Nanocomposite Food Packaging is Not Ready for Prime Time

by Suzanne Osborne

Packaging improves food safety. It extends shelf-life, protects against damage, and limits pathogen contamination. Plastic is the most common packaging material: it is cheap and easily available. Yet, plastic waste has become a major environmental problem. The food industry is increasingly chastised for its continued use of plastic packaging.

Bio-polymers as Alternatives to Plastic

Developers have now created biodegradable packaging options. These bio-polymers are materials extracted from natural sources such as carbohydrates (starch, cellulose, chitosan, etc.) or proteins (gelatin, whey, collagen, etc.). Other groups are developing synthetic bio-polymers using materials sourced from renewable resources. According to Constance Iβbrücker from European Bioplastics, “compostability of packaging makes sense when it is [likely] that you will throw [out what remains] of the product together with its packaging.” This is relevant for products like coffee capsules or tea bags whose used contents are themselves biodegradable.

Bio-polymers occupy only a tiny portion of the packaging market. This is due to their inferior barrier and mechanical properties compared to plastic. Costs and processing equipment upgrades have also impacted uptake. Bio-polymers are unlikely to completely replace plastic packaging but can have a major impact in certain sectors of the food industry.

Nanocomposites are the Next-Generation Bio-polymer

Something interesting occurs when you add nanoscale-sized particles to bio-polymer packaging: the package quality improves while maintaining its compostability. Nanotechnology has the potential to address many of the shortcomings previously seen with bio-polymers.

A bio-polymer containing a nanoscale ‘filler’ is called a nanocomposite. Nanocomposites have gained a lot of attention in recent years; showing greater resistance to deterioration, reduced water vapour and oxygen permeability, and improved strength. Iβbrücker agrees that, “There seem[s] to be a lot of research activities in the past years in this field. Biodegradable materials… supported by nanofillers will have their place in the market.” Nanofillers are usually clays and organics (chitosan, cellulose), but can also include inorganics (metals and metal oxides), and carbon nanostructures (graphene, carbon nanotubes).

We Don’t Know Enough about the Biodegradation of Nanocomposites

Despite being marketed as biodegradable packaging, very little research has been done on nanocomposite biodegradability. Each bio-polymer has its own biodegradation or recycling profile. Combining materials can alter these profiles. For example, the addition of a clay nanofiller to the synthetic bio-polymer PLA improved biodegradation. Blends of the bio-polymers PLA and PBAT had a markedly slower rate of decomposition compared to either bio-polymer alone. One research group found that the addition of a clay nanofiller increased bio-polymer thermal stability during recycling.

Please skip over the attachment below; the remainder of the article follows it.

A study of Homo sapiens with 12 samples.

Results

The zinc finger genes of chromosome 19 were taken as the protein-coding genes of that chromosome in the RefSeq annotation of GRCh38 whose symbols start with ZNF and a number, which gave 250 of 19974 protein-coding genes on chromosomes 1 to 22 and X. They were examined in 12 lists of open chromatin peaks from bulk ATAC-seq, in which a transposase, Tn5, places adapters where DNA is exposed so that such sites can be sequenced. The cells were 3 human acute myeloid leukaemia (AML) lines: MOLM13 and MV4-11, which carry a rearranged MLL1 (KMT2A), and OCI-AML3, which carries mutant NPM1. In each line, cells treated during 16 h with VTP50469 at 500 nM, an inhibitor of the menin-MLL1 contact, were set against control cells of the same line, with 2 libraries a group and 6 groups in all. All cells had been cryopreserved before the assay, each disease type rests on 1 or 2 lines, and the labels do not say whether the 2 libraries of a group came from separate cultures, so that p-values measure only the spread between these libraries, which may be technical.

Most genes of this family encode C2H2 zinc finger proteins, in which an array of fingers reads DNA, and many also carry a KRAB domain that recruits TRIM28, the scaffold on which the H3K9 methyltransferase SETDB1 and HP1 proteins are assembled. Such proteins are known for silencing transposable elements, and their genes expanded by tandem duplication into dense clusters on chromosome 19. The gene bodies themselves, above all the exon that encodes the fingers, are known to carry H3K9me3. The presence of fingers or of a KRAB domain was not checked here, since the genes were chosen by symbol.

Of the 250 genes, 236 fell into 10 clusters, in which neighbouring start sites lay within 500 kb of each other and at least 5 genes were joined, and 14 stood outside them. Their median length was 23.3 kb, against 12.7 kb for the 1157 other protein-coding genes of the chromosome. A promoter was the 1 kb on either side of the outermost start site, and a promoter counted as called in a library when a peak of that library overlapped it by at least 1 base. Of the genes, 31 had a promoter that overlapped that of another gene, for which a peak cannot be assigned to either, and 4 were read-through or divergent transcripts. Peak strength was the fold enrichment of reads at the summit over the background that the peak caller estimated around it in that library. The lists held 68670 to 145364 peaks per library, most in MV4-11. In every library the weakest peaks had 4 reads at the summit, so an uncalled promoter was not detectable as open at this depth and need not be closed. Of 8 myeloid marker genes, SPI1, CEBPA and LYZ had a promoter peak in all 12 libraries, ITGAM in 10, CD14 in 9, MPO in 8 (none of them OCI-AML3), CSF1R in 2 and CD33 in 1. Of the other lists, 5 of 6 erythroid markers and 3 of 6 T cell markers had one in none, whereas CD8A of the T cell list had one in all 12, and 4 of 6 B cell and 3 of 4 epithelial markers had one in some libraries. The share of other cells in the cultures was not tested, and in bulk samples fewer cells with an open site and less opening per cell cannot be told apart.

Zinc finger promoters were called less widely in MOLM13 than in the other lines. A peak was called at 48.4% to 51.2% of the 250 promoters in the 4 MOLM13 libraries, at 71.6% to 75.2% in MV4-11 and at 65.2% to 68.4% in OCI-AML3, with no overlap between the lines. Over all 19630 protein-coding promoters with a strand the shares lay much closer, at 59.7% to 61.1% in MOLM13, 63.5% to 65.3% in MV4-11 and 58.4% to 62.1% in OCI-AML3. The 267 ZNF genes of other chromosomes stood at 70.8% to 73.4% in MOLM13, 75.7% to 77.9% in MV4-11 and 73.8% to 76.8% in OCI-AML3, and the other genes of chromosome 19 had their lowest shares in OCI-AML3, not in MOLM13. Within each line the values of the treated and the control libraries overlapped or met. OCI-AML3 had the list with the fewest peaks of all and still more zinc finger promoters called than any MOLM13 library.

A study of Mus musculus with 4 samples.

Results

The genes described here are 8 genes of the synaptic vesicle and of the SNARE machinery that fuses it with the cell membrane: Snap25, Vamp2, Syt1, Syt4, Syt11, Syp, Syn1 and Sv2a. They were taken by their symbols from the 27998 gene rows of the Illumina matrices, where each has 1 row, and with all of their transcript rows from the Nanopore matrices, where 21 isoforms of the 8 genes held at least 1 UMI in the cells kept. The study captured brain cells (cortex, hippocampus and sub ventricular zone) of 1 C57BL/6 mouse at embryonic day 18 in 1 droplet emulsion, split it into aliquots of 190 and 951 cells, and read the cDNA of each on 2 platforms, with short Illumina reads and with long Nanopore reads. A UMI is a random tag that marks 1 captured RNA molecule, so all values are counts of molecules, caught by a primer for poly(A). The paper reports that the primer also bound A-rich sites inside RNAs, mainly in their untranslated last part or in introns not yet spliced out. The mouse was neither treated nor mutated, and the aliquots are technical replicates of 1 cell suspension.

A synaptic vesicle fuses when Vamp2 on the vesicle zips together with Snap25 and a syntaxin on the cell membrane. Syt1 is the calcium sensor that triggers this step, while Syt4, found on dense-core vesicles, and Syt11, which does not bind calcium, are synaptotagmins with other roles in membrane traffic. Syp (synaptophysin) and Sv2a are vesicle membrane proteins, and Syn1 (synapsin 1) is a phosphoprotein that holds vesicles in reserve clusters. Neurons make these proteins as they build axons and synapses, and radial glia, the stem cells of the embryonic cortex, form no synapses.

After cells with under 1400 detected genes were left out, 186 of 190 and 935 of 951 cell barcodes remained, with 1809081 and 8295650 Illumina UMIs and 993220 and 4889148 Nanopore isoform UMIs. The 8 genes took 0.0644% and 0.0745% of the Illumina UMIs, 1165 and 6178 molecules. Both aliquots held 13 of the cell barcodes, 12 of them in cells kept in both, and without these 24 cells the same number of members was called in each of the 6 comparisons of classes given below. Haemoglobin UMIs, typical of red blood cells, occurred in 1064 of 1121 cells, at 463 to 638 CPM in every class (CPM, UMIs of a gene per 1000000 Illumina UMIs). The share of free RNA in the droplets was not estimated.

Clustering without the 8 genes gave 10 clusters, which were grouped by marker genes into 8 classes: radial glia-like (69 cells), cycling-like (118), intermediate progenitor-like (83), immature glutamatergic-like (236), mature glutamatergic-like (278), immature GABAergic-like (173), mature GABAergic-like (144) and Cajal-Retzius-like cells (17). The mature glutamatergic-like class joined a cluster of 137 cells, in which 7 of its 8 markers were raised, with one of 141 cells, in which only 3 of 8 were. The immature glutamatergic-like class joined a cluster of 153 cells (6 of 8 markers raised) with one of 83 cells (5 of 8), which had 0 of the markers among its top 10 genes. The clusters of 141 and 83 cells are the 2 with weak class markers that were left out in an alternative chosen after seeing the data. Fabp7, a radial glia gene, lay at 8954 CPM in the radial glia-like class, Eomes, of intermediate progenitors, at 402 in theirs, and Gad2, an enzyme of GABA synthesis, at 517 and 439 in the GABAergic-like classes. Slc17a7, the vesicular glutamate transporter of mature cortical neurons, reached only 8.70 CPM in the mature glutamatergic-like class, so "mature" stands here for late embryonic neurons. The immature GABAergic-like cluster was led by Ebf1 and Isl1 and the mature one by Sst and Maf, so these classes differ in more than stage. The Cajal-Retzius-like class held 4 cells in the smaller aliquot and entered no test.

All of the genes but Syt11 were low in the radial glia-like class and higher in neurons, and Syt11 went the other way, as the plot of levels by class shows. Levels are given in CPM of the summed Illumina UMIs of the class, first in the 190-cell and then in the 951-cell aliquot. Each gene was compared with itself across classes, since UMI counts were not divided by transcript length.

Nanocomposites are not amiable to home-based composting: they must be composted at industrial facilities (where they exist). To be accepted, nanocomposites must degrade within the same time frame as other organic materials. Understanding the decomposition of each nanocomposite will be critical for their acceptance. Iβbrücker points out that composted products are also tested for the presence of contaminants such as heavy metals. By their very nature, metal and metal oxide nanofillers may not pass these tests.

Recycling nanocomposites is equally challenging. Effective recycling requires sorting of materials. But, nanocomposites are a mixed material. Cross-contamination can ruin entire batches of recycled material. Currently, there are limited options for recycling nanocomposites. This may improve as bio-polymers occupy a greater market share to make separation economically viable.

Safety Concerns Surrounding Nanocomposites

The biggest hurdle to commercialization of nanocomposites is migration limit legislation: the extent to which nanoparticles can move from the packaging to the food. Ingestion and accumulation of nanoparticles is linked to adverse outcomes in humans, animals, and the environment.

Migration of nanoparticles is challenging to determine. Studies are limited but suggest that small nanoparticles can move through the bio-polymer but larger particles are not likely to migrate if they are properly immobilized. Adhering to strict migration limits will be imperative for the safe use of nanocomposites in food packaging.

Nanocomposite Packaging Not Ready for Commercialization

Nanocomposites have the potential to move the food industry towards a sustainable future; promising biodegradable and recyclable packaging with mechanical properties on par with plastic. Yet, our knowledge of nanocomposites is in its infancy. There remains much to learn about their safety, biodegradability, and recyclability. Despite interest in nanocomposites, this technology is not ready for commercialization.

About the Author
Dr. Suzanne Osborne’s expertise is in the field of host-pathogen interactions and food borne bacteria. She obtained her doctoral degree at McMaster University and worked as a Research Fellow at the Hospital for Sick Children (Toronto). She has received numerous awards for her research. Suzanne currently does freelance science writing and grant writing. She is a regular contributor to GFSR.